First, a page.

Transcript of a meeting between East German leader Erich Honecker and Cuban leader Fidel Castro, East Berlin (excerpts) regarding Castro’s visit to Somalia and Ethiopia, criticizing Siad Barre and discussing the need to help the revolution in Ethiopia
March 23, 1977
Romanian Ministry of Foreign Affairs, 'Cuban Ambassador to Maputo commented on President Fidel Castro’s trip to some African countries'
Sender Maputo No. 053597 Date 23 March 1977, 18:00
Comrade Cornel Pacosta
Cuban Ambassador to Maputo commented on President Fidel Castro’s trip to some African countries:
1. The visit to Libya was a "positive" one, President Castro told President Samora "Gadaffi, although still retaining a strong Islamic influence, has an honest attitude and a revolutionary orientation."
2. During his visit to Yemen, President Fidel Castro received the invitation to visit Ethiopia, which he accepted after consultations with President Siad Bare, who did "not oppose [it] but expressed serious reservations on Mengistu’s revolutionary character and good intentions."
3. After the trip to Ethiopia, the Cuban delegation is convinced that Mengistu and those who are loyal to his group are "politically focused, with a steady and firm revolutionary way." Fidel Castro told Samora Machel "what happened in Ethiopia is an African Bolshevik revolution." President Castro has expressed also concern that "Mengistu's group is numerically very small, and internal reactionary forces are strong enough” and “an attempt to physically liquidate Mengistu's group” should not be ruled out. He also acknowledged that despite all of his arguments he could not convince President Siad Bare of Mengistu’s "honesty". Somali President maintained his "reserved" position, which gives the situation in the area a “complex and dangerous" character.
4. The visit to Mozambique was "good". It lasted 48 hours of which 20 hours took the form of direct talks between the two heads of state. Although the reception was initially planned for Maputo, the talks were held in Beira (1,000 km from Maputo). "[A]t the Cuban request" the venue was changed in the last moment, because "members [of the delegation] accompanying President Castro appreciated the useful change for security reasons".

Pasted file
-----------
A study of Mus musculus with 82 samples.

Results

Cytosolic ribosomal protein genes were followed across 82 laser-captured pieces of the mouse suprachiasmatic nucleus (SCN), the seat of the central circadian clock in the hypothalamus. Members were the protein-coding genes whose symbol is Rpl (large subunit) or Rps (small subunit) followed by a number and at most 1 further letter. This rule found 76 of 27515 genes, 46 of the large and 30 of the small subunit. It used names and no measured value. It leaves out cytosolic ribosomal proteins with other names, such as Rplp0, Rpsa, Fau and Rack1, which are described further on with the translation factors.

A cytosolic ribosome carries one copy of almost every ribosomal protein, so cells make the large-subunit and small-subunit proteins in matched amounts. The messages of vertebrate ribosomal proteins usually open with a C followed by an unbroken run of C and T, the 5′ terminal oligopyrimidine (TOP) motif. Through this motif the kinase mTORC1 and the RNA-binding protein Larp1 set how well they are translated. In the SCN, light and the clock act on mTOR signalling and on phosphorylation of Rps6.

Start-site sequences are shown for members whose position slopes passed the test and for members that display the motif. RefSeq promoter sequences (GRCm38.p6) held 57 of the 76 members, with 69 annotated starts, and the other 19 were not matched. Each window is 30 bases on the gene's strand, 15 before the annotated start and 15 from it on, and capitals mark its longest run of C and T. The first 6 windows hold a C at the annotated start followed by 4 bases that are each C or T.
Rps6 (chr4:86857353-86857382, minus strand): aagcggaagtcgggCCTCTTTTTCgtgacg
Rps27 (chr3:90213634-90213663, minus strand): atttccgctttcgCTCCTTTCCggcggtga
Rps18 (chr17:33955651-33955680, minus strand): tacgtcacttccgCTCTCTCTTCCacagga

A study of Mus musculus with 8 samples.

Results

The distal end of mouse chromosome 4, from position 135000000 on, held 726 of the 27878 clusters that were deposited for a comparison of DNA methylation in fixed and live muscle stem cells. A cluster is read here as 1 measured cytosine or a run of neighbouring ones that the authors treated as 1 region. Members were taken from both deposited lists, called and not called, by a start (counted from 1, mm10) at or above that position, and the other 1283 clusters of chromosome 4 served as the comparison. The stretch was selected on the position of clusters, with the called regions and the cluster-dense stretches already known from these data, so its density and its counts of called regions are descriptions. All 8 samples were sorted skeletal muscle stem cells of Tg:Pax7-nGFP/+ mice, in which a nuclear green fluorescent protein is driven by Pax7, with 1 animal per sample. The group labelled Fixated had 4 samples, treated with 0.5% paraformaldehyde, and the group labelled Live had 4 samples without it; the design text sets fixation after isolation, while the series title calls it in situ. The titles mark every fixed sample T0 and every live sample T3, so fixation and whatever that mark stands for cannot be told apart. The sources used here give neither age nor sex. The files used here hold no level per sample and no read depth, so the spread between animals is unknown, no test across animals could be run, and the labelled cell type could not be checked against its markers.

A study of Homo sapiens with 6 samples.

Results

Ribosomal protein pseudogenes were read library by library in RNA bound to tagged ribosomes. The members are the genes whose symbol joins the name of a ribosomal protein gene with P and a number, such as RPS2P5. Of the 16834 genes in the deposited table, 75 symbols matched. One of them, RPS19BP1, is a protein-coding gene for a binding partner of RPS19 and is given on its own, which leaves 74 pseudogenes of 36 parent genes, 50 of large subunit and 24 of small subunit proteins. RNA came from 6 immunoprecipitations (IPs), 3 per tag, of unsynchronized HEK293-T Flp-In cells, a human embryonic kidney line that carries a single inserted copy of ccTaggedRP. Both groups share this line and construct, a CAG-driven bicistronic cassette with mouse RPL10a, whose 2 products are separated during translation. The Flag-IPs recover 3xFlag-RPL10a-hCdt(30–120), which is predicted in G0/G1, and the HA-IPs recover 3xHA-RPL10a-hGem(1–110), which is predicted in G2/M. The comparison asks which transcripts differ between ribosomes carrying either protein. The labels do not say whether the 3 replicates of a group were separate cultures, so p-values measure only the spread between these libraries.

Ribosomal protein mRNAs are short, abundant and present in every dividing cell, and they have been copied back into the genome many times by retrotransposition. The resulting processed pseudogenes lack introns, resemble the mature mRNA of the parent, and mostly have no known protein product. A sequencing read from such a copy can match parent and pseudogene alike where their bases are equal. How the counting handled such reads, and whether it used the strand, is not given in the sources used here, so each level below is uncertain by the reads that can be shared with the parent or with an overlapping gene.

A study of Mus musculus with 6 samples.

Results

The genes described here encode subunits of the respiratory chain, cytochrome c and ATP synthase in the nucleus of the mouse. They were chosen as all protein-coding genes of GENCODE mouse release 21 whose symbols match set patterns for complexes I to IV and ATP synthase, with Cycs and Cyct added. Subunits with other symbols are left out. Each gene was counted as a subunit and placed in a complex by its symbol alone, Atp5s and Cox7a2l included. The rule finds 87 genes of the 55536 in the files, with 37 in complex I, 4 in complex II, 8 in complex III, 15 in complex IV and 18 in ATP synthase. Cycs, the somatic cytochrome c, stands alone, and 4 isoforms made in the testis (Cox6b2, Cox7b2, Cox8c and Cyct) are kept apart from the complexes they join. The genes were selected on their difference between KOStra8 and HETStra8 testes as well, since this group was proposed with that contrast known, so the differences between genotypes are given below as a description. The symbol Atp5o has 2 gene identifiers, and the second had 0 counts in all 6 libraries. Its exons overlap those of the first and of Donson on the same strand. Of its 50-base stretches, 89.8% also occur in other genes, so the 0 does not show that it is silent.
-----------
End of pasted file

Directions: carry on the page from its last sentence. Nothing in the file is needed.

Contrary to what the Mozambican press stated, they "have not signed any agreement for cooperation but only discussed it." The Mozambican side asked for 43 agricultural specialists, 22 medical personnel, 39 specialist in education, 94 in the sugar industry, 45 in public works, 25 in transport. President Castro has agreed "in principle" but told his hosts that the "political bureau should be consulted."
The joint communiqué was agreed "without a difficulty" because "the Mozambicans presented a project very close to that prepared by the Cuban delegation."
5. Judging by the text of the joint communique, the Mozambican theses were apparently accepted without substantive discussions: Zimbabwean movement, led by the patriotic front, Namibia, South Africa, Spanish Sahara, East Timor, Palestine, Djibouti, and vague, non-binding, adherence to the non-aligned movement and the establishment of a new world "economic and social" order, the principles of "security, mutual respect, noninterference in internal affairs and mutual benefit".
We do not yet have comments from official Mozambican sources.
The information obtained by Romania’s ambassador to Maputo by his Cuban counterpart not only continues Castro’s praise of Mengistu’s revolutionary zeal, but also sheds more light on the wide scope of the Cuban President’s endeavors on the African continent.